Henry Herbert La Thangue
Leaving home (1890)
Mowing Bracken by H H La Thangue (1903; Guildhall Art Gallery, London)

Henry Herbert La Thangue (19 January 1859 – 21 December 1929) was an English realist rural landscape painter associated with the Newlyn School.[1][2][3]

Early life

La Thangue was born in Croydon, Surrey, a suburb of London, and was schooled at Dulwich College where he met fellow painters Stanhope Forbes and Frederick Goodall. He studied painting first at the Lambeth School of Art and then, from 1874-79, at the Royal Academy, London, winning a gold medal for his work in 1879. This led to a prestigious scholarship for 3 years at the studio of Jean-Léon Gérôme at the École des Beaux-Arts in Paris. Here La Thangue came under the influence of the Barbizon school of open-air landscape painters, such as Bastien-Lepage and Dagnan-Bouveret, despite the fact that his teacher was strongly critical of the movement.


Between 1881-82 La Thangue spent some time painting on the coast of Brittany (one of his works from this period is The Boat-builder's Yard), then in Donzère in the Rhone valley (1883). He became a member of the Royal Institute of Oil Painters in 1883. He returned to England in 1886, exhibiting at the Royal Academy, Royal Society of British Artists (RBA), Grosvenor Gallery, New Gallery, Royal Institute of Oil Painters, and many regional galleries.[3] He became involved in a failed attempt to reform the Royal Academy,[4] helping to found the rival New English Art Club (NEAC) and exhibiting his work there.

In the late 1880s, La Thangue moved to South Walsham in Norfolk. One of his painting of this period, Return of the Reapers (1886), reflected his interest in photography and photo-realistic depictions. In the early 1890s he settled in Bosham, in Sussex, where he continued his large-scale rural genre paintings, some of which proved to be controversial. In 1896 Tate acquired The Man with the Scythe. In 1898 he was made an Associate of the Royal Academy, becoming a full Member in 1912.

La Thangue eventually made his base at Haylands in Graffham, Sussex, though he also spent much time painting in Provence in France (after 1901), Liguria in Italy (1903-11) and the Balearic Islands. His southern European landscapes were shown in a successful commercial exhibition at the Leicester Galleries in London, just before the outbreak of World War I.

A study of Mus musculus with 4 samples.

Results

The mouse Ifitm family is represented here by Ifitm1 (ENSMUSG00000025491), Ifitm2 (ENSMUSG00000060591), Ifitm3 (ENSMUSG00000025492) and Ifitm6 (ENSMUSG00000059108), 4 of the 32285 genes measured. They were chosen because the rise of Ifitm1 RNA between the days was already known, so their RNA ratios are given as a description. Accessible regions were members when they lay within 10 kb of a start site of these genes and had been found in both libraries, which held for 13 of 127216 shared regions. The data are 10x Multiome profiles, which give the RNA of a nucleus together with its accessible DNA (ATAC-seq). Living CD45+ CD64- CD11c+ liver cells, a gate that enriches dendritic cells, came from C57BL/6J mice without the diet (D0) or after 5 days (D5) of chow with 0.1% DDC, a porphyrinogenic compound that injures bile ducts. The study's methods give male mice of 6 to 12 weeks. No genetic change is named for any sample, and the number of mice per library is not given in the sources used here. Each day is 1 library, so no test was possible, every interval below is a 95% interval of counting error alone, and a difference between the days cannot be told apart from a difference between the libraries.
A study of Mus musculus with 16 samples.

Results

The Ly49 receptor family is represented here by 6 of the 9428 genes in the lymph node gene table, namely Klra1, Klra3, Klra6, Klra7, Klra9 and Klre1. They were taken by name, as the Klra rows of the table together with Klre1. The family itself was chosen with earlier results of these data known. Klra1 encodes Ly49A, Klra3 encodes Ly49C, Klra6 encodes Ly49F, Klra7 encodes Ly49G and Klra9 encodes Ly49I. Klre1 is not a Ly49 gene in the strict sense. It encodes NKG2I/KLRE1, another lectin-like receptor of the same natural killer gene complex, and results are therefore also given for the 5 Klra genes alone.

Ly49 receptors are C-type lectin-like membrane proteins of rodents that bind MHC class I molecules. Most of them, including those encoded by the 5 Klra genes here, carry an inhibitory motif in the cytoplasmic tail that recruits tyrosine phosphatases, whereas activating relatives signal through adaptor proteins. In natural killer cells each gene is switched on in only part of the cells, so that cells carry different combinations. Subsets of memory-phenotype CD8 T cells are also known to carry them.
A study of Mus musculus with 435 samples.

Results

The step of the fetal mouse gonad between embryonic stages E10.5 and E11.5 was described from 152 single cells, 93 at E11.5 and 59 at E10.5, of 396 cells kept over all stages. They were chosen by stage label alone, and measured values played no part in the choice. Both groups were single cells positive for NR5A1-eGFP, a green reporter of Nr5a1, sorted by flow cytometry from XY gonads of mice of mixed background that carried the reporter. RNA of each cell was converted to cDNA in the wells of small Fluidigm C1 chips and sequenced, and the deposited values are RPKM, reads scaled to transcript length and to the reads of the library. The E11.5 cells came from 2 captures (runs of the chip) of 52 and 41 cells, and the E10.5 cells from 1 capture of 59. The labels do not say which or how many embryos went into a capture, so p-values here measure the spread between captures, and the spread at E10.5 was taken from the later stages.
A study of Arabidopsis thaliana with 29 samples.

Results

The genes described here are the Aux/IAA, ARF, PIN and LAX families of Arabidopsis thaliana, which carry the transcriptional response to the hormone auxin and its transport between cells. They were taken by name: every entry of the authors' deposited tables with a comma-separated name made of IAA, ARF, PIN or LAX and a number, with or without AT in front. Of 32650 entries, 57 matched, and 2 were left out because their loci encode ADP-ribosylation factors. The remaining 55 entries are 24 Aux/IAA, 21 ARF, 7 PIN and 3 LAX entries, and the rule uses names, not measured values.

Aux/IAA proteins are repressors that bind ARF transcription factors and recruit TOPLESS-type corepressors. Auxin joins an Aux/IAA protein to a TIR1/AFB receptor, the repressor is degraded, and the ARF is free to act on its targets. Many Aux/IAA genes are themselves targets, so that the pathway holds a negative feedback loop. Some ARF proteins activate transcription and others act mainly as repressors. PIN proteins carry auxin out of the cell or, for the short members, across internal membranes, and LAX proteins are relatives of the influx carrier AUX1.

In 1929 he was reportedly deeply affected by the loss of two of his paintings when the ship Manuka carrying them foundered off the New Zealand coast. In that same year he died in London on 21 December. On 26 December the paintings were recovered near Long Point, New Zealand, in fairly good condition.[5]

Personal life

La Thangue's wife Kate died on 22 September 1940 leaving a bequest of 5 of La Thangue's works to Australasian public art collections: Village Fountain, Provençal Fishing Boats, and Plovers on the Marshes to the Robert McDougall Art Gallery in Christchurch, New Zealand and The Weir and The Wood Gatherers to the Art Gallery of Western Australia, Perth.


La Thangue's work regularly fetches large sums when it comes up at auction. In 2006, his "Packing grapes" was sold for £70,000, while in December 2009 "In the orchards" realised over £285,000.



  1. ^ La Thangue biography (National Maritime Museum - retrieved 5 May 2010).
  2. ^ La Thangue biography Archived 2011-07-10 at the Wayback Machine (European Art Gallery)
  3. ^ a b Biography (Peter Nahum at the Leicester Galleries)
  4. ^ He described the Royal Academy as "the diseased root from which other evils grow" (1887).
  5. ^ "Death of Artist". The Mercury. Hobart, Tasmania. 27 December 1929. p. 10. Retrieved 2012 – via National Library of Australia.

Further reading

  • McConkey, Kenneth. A painter's harvest: Works by Henry Herbert La Thangue R. A, 1859-1929 (Oldham Art Gallery, 1978).
  • Jenkins, Adrian. Painters and Peasants: Henry La Thangue and British Rural Naturalism (Bolton Museum, 2000).

External links

  This article uses material from the Wikipedia page available here. It is released under the Creative Commons Attribution-Share-Alike License 3.0.